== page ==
Blog Entry

José Tendetza's murder is more blood on Canada's hands

Jen Moore

Latin America Program Coordinator / Coordinadora del programa para América Latina, 2010-2018.

José Tendetza should have been in Lima, Peru last week at the climate change talks as one of the powerful Indigenous voices speaking about the destruction that the mining and energy agenda of countries like Canada is bringing upon his and many other communities in the Global South.

José Tendetza was a Shuar Indigenous community leader from Zamora Chinchipe, Ecuador who refused to give up his land for the illegal gold and copper Mirador project currently under construction. Now in the hands of the Chinese consortium, CRCC-Tongguan, this project belonged to the Vancouver-based junior mining company Corriente Resources until August 2010. CRCC-Tongguan still has a subsidiary in Vancouver.

On December 2, a group of mine workers found Jose’s body tied up with a blue cord in a tributary of the Zamora River. According to Indigenous Shuar leader Domingo Ankuash, police photos provide evidence that he had been tortured. Tendetza had been missing since November 28 and his body was buried before the family had even been notified of his death.

The police first alleged that he died in a fishing accident. Then the government said that he was likely strangled. José’s family and friends do not believe either of these stories and are calling for a full, impartial and independent investigation with international support, while raising concern about increasing violence in connection with the development of this project, including two other Shuar mine opponents killed since 2009, Bosco Wisum and Fredy Taish.

This is not the first time that there has been violence in connection with the Mirador project. In late 2006, when the project was still owned by Corriente Resources, community members protesting the project faced violent state repression along with two journalists and a national congress member. The congressman was kidnapped, tied up, and subjected to inhumane treatment from soldiers on company property, which was reported to the Inter-American Commission on Human Rights (IACHR).

These events led to the project’s suspension and a constitutional decree should ultimately have led to its cancellation. But, at least in part due to the "tireless" efforts of the Canadian Embassy in Ecuador, the law in Ecuador has never been fully applied to the project.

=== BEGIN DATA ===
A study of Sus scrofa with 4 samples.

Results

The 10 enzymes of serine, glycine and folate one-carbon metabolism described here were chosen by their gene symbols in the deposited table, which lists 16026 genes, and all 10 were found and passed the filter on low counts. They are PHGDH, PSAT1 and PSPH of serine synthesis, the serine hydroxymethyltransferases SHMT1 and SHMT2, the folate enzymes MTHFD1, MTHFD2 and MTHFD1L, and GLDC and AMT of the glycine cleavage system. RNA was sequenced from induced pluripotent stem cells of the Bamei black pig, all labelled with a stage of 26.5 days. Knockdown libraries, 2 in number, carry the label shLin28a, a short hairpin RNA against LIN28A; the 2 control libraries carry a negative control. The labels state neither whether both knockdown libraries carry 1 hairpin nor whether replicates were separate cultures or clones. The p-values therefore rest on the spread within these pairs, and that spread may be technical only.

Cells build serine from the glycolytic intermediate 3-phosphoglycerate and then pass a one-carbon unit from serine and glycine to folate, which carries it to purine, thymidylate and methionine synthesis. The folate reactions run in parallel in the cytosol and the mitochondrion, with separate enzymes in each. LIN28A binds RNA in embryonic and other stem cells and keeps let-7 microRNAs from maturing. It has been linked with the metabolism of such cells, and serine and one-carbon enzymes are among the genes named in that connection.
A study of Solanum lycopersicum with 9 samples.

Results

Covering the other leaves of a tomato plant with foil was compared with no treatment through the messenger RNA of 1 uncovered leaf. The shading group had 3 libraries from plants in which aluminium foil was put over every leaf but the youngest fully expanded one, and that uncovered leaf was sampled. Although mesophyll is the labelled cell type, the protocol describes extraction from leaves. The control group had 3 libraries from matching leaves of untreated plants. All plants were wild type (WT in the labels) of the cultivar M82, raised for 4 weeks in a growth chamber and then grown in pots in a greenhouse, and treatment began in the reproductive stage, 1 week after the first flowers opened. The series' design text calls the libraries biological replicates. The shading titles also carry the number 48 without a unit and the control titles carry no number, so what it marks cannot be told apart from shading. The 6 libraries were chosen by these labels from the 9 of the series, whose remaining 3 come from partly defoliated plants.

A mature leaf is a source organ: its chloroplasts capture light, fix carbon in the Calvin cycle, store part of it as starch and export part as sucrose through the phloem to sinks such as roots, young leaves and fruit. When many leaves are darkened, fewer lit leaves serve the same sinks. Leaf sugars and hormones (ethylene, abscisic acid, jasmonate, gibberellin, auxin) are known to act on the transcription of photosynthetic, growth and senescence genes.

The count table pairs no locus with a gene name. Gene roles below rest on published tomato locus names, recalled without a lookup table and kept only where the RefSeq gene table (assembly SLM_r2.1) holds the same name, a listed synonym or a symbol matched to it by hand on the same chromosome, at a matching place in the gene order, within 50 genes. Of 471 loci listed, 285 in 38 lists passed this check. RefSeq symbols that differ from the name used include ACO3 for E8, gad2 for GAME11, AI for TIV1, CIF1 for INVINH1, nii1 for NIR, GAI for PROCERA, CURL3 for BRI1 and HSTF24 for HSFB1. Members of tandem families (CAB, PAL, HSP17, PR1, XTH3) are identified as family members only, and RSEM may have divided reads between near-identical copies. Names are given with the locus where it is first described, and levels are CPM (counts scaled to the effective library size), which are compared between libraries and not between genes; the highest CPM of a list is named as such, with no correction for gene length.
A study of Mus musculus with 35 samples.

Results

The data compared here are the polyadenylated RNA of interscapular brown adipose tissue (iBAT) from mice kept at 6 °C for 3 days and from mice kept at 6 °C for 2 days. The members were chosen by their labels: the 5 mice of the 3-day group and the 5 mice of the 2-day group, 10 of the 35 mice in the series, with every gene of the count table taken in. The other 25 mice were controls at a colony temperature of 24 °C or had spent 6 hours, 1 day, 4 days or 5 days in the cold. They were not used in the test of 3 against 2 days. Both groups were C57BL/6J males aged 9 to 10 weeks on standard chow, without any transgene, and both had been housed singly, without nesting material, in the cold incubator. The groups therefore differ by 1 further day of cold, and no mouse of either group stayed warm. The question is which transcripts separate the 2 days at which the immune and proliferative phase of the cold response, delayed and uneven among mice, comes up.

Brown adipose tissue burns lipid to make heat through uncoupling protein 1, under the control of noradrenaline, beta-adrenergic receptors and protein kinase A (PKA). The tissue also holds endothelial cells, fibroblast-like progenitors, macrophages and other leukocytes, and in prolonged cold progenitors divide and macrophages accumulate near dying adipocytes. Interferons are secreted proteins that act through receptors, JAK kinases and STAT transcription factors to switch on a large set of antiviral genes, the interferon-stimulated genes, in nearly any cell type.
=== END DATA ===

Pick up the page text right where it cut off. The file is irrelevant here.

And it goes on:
According to a constitutional-level "Mining Mandate" passed by Ecuador’s National Constituent Assembly in 2008 - that still remains in effect -- the Mirador project should have lost most or all of its mining concessions for overlapping with water supplies and protected natural areas, and for lack of prior consultation with affected Indigenous and campesino (peasant) communities. But when the Mandate was issued, the Canadian Embassy worked hard on behalf of this and other companies to ensure that it did not affect their projects and that they had a privileged seat at the table in writing a new mining law.

Numerous complaints and challenges continue to be raised about this project, including at a hearing before the IACHR in Washington D.C. this October, which José Tendetza and other Ecuadorian community leaders attended. The Ecuadorian government did not attend.

Canadian authorities could have weighed in on these complaints, but chose not to. In July 2013, a group of Ecuadorians from affected communities filed a petition against the Mirador project with the Canadian National Contact Point (NCP) for the administration of the OECD Guidelines for Multinational Enterprises. The Canadian NCP refused to consider serious allegations, including forced displacement and lack of free, prior and informed consent of Indigenous communities. After delaying a year, it published an initial assessment of the complaint, announcing that it would not proceed, saying that the allegations were not substantiated. The NCP provided no detailed explanation, nor did it ever ask complainants for additional input, although it spent months in discussions with the company. If Canada had acted on this complaint, it could have helped diffuse and de-escalate growing violence and repression in Ecuador.

José Tendetza did not have to die. The Canadian government was aware of the tensions and could have acted.

However, as long as the state of impunity surrounding big mining projects like this one persists with support from Canada and the "host" states alike, the conditions for this and many other acts of violence and destruction will continue. Whether Ecuador, El Salvador, Guatemala, Mexico, Colombia, Peru, Tanzania, South Africa, or Papua New Guinea, the list of bloodied Canadian mining projects runs long.

We urgently need an independent Ombudsman in Canada with enhanced powers to investigate and sanction companies that fall out of line, along with guaranteed access to Canadian courts for mining-affected communities. However, this will only respond to harm already being done. In order to actually prevent harm from occurring, the Canadian state must stop helping create the problem through its wilful, wanton, and unconditional promotion and facilitation of mining projects around the world.